NEW YORK — From the vintage globe projected behind the anchor desk to the Cronkite-era producers mixing it up at story meetings to the no-frills reports that fill 21 minutes and 16 seconds each weeknight, the "CBS Evening News" has made a determined effort to bring newsy back.
A shift that began in the latter months of Katie Couric's five-year run has accelerated and taken on a new fervor in the last nine months since the ascension of Scott Pelley to the anchor's chair.
When Pelley took the seat once occupied by Walter Cronkite last June, it represented a return to form at CBS News -- giving perhaps the network's most visible platform not to a celebrity host but to a longtime reporter best known for his work on "60 Minutes" and for dozens of forays to Iraq, Afghanistan and other world hot spots.
In a recent interview in his office, where he kept Beethoven's Seventh at a low rumble, Pelley gave hints of a healthy competitive streak, as when he noted that his CBS team was alone among the networks in traveling to Afghanistan to cover the 10th anniversary of the war there
"There are 150,000 American troops fighting every day in Afghanistan, and we are the only broadcast there?" he said. "That was astounding to me. Astounding."
The old-school approach offers at least some promise that the nightly newscast, long mired in third place among the three networks, might finally claw its way out of the cellar. The "CBS Evening News With Scott Pelley" is the only one of the three network nightly news shows to score a small year-to-year increase in three ratings categories for the season that began in September. In one recent week, it finished second -- behind NBC but ahead of ABC -- among the 25-to-54 age demographic prized by advertisers. That hadn't happened since 2006.
Still, at roughly 6.8 million nightly viewers, CBS' show remains more than 1 million behind the "World News With Diane Sawyer" at ABC and nearly 3 million behind NBC's "Nightly News With Brian Williams."
The media no longer cling to the results of the nightly news wars the way they used to. The public's appetite clearly has slackened for a set half-hour of news, at a fixed time early each evening. Viewers now scatter to myriad cable TV and Internet alternatives. Roughly 24 million Americans watch the marquee evening news shows now, compared to more than 40 million who tuned in two decades ago. The remaining viewers, more than one wag has noted, get bombarded with ads for gout treatments, heartburn ills and other products for the older demographic.
As both anchor and managing editor, Pelley has helped push the show toward hard news and, in particular, reporting on foreign affairs and the economic distress confronting Americans, said Andrew Tyndall, an analyst who tracks content on the news programs.
In a summary of coverage compiled last fall, Tyndall found the CBS show had aired more than 50% more economic coverage than either of its network rivals. ABC, leaning on Sawyer's background as a morning news host, tilted more toward features and "news you can use" service stories, the review found. Both newscasts often did features related to the news -- presumably, in part, because those stories might have a longer afterlife on websites where they now get posted.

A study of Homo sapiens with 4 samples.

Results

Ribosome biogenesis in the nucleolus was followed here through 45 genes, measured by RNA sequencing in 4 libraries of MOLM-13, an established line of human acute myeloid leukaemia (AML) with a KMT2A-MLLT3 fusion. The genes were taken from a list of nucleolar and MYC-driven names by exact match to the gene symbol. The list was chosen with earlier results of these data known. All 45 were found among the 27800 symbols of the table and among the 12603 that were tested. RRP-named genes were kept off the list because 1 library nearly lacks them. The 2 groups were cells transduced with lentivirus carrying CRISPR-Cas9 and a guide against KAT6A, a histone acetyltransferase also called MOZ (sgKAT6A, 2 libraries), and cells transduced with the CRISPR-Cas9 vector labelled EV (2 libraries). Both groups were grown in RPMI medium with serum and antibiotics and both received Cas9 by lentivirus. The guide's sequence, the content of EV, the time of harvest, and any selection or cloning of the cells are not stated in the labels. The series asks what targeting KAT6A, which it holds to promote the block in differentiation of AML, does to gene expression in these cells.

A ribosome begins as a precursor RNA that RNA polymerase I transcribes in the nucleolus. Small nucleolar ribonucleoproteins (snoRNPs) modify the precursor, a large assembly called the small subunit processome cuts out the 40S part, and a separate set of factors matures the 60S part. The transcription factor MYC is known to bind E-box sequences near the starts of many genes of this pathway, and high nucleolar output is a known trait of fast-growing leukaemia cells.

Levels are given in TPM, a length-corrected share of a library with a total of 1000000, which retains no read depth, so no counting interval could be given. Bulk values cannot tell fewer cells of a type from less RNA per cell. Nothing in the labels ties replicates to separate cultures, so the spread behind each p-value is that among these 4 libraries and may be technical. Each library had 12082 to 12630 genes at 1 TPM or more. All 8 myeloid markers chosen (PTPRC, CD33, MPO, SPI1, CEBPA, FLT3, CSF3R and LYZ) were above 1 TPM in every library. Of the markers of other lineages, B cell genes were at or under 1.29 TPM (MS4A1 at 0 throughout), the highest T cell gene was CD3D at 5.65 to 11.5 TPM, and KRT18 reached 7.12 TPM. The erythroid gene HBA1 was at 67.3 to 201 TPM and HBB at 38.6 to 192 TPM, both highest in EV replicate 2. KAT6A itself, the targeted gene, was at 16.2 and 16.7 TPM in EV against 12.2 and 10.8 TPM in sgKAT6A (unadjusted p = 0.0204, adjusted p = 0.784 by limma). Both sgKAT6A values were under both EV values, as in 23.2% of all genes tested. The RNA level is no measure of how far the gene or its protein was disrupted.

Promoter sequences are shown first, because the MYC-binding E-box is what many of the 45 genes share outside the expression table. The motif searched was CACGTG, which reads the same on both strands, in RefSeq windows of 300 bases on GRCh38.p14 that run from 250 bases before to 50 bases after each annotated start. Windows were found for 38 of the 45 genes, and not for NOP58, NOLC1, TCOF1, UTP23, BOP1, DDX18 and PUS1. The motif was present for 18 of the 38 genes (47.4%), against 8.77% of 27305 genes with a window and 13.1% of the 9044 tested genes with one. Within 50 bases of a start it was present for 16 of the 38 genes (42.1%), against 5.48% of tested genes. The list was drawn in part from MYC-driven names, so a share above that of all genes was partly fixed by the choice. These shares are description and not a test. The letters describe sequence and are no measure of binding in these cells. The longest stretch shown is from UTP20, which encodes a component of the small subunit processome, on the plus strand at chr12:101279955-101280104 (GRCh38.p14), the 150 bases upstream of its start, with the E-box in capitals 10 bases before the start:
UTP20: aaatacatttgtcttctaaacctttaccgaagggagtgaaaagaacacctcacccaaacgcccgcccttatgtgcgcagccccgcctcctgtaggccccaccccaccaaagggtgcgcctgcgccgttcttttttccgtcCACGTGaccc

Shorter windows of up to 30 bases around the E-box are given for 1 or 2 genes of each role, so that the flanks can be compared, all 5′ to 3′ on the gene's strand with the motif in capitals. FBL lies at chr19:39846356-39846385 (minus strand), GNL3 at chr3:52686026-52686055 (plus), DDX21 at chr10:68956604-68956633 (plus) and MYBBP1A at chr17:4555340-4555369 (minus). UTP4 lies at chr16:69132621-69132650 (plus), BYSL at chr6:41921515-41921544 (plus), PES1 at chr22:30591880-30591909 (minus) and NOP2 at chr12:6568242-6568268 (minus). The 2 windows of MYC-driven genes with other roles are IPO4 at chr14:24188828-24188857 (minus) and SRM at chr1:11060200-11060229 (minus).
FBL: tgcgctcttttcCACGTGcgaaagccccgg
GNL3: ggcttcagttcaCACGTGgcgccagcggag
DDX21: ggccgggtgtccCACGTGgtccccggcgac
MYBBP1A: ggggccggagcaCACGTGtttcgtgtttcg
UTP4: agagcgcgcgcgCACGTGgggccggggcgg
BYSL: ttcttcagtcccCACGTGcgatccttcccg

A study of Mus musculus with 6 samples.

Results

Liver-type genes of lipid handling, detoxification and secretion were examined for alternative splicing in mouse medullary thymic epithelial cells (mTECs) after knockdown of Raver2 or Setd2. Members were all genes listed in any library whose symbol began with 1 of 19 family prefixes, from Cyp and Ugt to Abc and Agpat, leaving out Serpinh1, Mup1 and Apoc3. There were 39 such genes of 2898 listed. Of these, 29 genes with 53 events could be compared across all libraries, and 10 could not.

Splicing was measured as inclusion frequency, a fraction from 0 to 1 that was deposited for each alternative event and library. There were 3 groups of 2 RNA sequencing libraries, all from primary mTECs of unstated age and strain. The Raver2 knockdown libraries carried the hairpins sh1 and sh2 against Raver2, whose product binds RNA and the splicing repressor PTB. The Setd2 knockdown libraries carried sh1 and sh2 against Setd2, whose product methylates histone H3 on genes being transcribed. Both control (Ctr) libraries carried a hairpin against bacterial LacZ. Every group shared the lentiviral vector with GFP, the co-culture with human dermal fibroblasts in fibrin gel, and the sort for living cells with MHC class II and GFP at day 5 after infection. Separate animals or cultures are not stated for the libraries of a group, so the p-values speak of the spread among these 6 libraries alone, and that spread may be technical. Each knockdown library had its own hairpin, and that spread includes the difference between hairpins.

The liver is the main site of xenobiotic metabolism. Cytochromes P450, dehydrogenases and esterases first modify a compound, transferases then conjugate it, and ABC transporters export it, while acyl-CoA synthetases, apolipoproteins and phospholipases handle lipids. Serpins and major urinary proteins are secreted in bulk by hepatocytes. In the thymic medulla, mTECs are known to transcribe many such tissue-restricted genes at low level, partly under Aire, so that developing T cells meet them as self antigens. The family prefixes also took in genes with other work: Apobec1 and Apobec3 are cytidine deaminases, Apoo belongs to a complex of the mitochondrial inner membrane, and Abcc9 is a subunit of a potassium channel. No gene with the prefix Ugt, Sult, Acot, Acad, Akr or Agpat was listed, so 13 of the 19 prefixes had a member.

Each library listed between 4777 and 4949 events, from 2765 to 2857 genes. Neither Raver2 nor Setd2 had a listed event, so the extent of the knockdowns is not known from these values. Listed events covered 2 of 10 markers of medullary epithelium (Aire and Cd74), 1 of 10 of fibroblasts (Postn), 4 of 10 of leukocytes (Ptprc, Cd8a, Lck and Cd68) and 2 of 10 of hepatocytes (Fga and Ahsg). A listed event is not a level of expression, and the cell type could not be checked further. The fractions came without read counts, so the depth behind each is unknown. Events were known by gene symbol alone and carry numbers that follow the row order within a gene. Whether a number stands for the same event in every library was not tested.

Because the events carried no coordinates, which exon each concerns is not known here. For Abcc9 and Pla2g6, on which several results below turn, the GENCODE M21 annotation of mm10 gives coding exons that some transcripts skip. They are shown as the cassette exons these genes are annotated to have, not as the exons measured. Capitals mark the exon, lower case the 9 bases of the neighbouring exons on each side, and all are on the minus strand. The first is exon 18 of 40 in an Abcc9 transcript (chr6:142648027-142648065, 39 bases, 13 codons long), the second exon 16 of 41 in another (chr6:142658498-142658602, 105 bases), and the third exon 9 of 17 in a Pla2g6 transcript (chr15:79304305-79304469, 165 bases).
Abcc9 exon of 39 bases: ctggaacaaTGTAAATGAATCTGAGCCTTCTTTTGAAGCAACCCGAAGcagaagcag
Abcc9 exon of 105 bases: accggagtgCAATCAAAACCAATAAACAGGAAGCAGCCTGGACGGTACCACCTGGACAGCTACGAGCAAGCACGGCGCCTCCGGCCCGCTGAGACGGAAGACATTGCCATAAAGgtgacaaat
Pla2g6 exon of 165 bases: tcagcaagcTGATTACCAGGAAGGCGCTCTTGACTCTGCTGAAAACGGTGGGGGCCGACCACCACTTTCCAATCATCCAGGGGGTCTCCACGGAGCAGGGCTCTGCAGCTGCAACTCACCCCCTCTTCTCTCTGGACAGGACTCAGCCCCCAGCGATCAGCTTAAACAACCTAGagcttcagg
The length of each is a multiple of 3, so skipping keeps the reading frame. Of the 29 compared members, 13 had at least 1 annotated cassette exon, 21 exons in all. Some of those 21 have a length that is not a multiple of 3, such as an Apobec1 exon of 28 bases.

Williams' top-rated NBC news, meanwhile, has focused the most time on daily breaking news with a particular emphasis on storm and natural disaster coverage. (The network has a deep bench of reporters on those topics, given its Weather Channel subsidiary.)
Jeff Fager, elevated last year to chairman of CBS News, said he believes audiences still want an authoritative broadcast that sifts a cacophony of information to deliver the handful of key stories each day. And Pelley fits the traditional approach, Fager said, because the audience understands he has spent decades in the field. "There is no doubt he is in command," Fager said. "There is no doubt there is a certain credibility that is real, based on the experience he has had."
Pelley, 54, said that since roughly the start of the new year he has begun to feel "completely natural" in the anchor's chair, "like I don't even realize I am doing it." Still, he leans toward the role of team captain, singling out others for attention. That includes Clarissa Ward, the correspondent who recently sneaked into Syria and, he said, "gave voice to these people who were being slaughtered by a dictatorship and in near silence." Pelley called that "certainly one of the greatest moments we have had here in the last nine months."
Pelley started in the business working the overnight shift at the Lubbock (Texas) Avalanche-Journal at 15. He "fell in love" with the news. After several television news jobs in his native Texas, he landed a network assignment with CBS in 1989. He would eventually become chief White House correspondent, then a correspondent at "60 Minutes II."